Participants: Lara; Family; Homophobia; Middle school; Outness
Lara: Um, well now that Dale is in high school, you know, I think he is negotiating things a little bit differently. Um, in a recent conversation with him, I found out that he doesn’t really bring it up.
Lara: Whereas in our neighbourhood, um, it was such a given, that even in the nearby preschool…
Lara: …All the kids knew, and some of them were jealous that there were two moms. Um, but in high school, I think that um, he said you know people seem to be more uh, shocked when they hear it.
Lara: Not necessarily teachers, but I think students, peers. But they don’t um… they don’t act out, they don’t um, think differently of him, they don’t treat him badly…
Lara: …When they found out. But it is different, you know because I think that’s what happens. You go into a high school, and you end up getting people from all kinds of different neighbourhoods…
Lara: …All kinds of different walks of life, and uh… ethnicities, cultural experiences. And that’s probably um, what he’s working with. But it hasn’t done him any harm, and if anything, they’re learning something.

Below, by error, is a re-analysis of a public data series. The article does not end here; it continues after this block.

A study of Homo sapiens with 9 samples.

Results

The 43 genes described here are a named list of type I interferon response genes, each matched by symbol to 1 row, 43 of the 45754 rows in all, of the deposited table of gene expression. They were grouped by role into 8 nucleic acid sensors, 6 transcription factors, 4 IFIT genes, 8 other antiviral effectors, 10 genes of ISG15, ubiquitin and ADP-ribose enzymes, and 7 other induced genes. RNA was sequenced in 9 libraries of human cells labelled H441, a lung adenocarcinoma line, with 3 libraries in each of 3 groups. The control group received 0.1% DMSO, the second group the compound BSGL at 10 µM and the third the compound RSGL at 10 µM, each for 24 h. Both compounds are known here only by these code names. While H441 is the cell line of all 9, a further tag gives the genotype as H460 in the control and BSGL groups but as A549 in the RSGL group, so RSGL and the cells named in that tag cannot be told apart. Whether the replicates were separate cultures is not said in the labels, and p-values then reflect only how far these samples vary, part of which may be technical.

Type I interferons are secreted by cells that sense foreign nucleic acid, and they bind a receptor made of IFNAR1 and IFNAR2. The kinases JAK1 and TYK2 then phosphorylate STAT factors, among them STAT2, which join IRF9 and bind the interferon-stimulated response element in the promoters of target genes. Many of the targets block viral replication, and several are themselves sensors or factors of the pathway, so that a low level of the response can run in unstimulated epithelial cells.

Lara: You know, as well as him. Taryn, um…
Tara: Who’s in middle school
Lara: Who’s in middle school, who’s in grade seven. She has fun with it.
Lara: If she hears anybody say anything that’s even slightly homophobic seeming, she kind of approaches it with “Oh yeah well, my parents are gay. You know, I’ve got two moms!” And it, she loves doing it…
Lara: …Because of the reaction she gets.
Lara: You know, and the reaction tends to be again…
Lara: “You know that’s not cool. You know what I just said isn’t cool.” And you know, generally the kids are put in their place.